Friday, October 30, 2015

I'm grateful to help a caregiver

By a certain age, most of us have had the responsibility for caring for an aging parent. It is is hard work, no matter whether it is a short or long journey, because it nearly always involves grief as well as many other emotions.

I've found that the journey is not just about caring for our parents, but also what the journey does to and for us.

But this blog is not about the journey. It's about the people who help us care for our parents. The people who do the mundane tasks of feeding, dressing, cleaning and taking care of our parent's basic needs. The right person is a gift from God, for all involved: the parent and the adult children.

So we had a caregiver come to our food pantry. She's had a long work history caring for older people in a skilled nursing facility, but was laid off  because the number of patients in her unit had declined. When she came to us, she had job interviews set up with several other places and was not concerned about finding work, but just needed help during the interim time. Which is exactly what CCSC is set up to do.

We chatted quite a bit during the interview, and what struck me was her quiet dignity and the kindness that emanated from her. Just being in her presence stilled me on a day that was particularly stressful. I would have loved to have had someone like her caring for my parents.

So I am grateful CCSC could help during this time in her life, knowing that when she finds her next job, she will be a gift to other families who are caring for an aging parent.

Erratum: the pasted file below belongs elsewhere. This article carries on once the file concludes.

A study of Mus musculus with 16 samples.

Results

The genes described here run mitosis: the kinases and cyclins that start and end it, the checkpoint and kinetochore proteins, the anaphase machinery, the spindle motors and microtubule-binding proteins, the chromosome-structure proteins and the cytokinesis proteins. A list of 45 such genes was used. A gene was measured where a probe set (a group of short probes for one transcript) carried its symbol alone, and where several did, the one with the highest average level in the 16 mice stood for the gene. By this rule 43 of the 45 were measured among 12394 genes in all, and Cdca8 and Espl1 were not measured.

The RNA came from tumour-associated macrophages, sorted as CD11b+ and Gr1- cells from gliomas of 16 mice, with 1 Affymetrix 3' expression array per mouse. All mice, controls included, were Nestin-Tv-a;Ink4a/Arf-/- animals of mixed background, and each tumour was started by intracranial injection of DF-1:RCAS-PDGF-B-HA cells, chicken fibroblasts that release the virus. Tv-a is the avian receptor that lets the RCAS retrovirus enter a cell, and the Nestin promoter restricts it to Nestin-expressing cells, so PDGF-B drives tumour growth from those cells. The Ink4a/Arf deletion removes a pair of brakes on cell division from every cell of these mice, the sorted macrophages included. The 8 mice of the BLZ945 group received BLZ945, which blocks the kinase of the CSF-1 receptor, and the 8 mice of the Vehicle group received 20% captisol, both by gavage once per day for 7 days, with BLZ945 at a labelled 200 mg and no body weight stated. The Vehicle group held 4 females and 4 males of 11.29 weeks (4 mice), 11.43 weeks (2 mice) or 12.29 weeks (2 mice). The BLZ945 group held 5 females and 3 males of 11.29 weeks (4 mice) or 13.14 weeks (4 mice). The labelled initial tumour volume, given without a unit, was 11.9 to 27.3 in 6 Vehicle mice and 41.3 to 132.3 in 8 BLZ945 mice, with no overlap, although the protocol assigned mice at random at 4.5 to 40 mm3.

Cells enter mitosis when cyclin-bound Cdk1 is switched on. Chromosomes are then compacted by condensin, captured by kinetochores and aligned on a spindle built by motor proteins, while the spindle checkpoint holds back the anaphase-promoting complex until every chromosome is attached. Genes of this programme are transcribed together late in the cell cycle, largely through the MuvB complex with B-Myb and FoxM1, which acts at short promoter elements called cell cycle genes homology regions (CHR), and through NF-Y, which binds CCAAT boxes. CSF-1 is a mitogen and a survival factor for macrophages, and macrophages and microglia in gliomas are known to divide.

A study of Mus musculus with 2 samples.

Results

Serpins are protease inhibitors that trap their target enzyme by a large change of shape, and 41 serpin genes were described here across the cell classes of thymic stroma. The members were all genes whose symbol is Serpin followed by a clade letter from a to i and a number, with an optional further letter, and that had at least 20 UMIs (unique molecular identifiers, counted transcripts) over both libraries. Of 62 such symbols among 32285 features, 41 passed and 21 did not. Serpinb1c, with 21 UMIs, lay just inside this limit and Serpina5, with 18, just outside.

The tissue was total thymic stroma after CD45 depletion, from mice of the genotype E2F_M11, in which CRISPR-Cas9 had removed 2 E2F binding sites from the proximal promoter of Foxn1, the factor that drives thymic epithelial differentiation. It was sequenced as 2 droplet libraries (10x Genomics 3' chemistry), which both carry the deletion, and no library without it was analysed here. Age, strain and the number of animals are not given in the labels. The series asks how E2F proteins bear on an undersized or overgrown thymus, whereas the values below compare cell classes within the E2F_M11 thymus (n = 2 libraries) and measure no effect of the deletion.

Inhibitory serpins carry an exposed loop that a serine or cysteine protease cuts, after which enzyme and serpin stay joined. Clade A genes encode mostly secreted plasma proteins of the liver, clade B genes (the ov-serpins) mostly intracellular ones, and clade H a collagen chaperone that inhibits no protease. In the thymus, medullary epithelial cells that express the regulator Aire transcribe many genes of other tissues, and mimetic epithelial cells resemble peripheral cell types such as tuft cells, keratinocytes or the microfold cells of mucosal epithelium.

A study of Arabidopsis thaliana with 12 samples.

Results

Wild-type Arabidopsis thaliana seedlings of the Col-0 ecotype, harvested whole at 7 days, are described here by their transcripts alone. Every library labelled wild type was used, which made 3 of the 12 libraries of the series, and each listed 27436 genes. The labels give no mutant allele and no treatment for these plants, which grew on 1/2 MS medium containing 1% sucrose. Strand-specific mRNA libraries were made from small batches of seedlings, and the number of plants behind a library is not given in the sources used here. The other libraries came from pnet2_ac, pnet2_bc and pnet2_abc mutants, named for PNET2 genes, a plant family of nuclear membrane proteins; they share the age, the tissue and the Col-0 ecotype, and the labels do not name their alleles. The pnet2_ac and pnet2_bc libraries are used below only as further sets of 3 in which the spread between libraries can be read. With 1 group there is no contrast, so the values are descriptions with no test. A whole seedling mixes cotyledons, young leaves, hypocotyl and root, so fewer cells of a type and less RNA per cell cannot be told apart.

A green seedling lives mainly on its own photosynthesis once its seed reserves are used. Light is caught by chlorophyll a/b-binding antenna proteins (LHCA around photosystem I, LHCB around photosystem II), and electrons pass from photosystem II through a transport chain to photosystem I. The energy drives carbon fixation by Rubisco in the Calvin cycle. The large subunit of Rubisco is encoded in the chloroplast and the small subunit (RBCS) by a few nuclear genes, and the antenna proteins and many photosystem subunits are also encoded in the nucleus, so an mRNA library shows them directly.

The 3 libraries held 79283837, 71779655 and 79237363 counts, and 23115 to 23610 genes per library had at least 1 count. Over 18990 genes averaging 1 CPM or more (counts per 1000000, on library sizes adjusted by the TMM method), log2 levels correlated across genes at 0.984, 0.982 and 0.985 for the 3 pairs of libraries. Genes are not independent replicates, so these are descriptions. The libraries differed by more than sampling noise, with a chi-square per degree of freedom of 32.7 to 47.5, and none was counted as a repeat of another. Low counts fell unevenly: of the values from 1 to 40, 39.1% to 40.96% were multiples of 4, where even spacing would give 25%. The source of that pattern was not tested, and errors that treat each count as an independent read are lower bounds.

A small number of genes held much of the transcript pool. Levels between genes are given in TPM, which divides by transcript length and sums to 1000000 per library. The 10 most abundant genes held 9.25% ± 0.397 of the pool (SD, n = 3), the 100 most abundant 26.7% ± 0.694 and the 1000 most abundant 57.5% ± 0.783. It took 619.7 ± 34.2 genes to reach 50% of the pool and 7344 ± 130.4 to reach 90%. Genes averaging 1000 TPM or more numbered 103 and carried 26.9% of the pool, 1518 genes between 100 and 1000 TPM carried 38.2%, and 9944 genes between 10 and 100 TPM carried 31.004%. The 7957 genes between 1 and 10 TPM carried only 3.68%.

Friday, October 2, 2015

No canned beets for me, thank you


Or wax beans either. I would gag if I had to eat either one of those.

This is the season for food drives, and it's great for CCSC because it fills our pantries. Some of you call our office, wanting to know desired food items, so here goes:
  • think protein: meaty stews, peanut butter, beans & legumes, canned meat
  • avoid carbs: they are already cheap and accessible for families on a limited budget
  • include canned fruits and veggies
The other guideline is to give what you would eat. Now if you like canned beets and wax beans, I guess it's okay to donate those items, but I would pause.

Instead, think of corn, green beans, black beans, tomatoes, carrots, and most canned fruits (light syrup, please) - these are more universally liked. I still remember the elderly client who came to an outdoor food fair we hosted several years ago. She was thrilled and almost giddy when we gave her some canned peaches.

Wherever you live, contribute to your local food pantry, and if CCSC is your pantry, thank you for your support. We're grateful for all donations, even those of beets and waxed beans.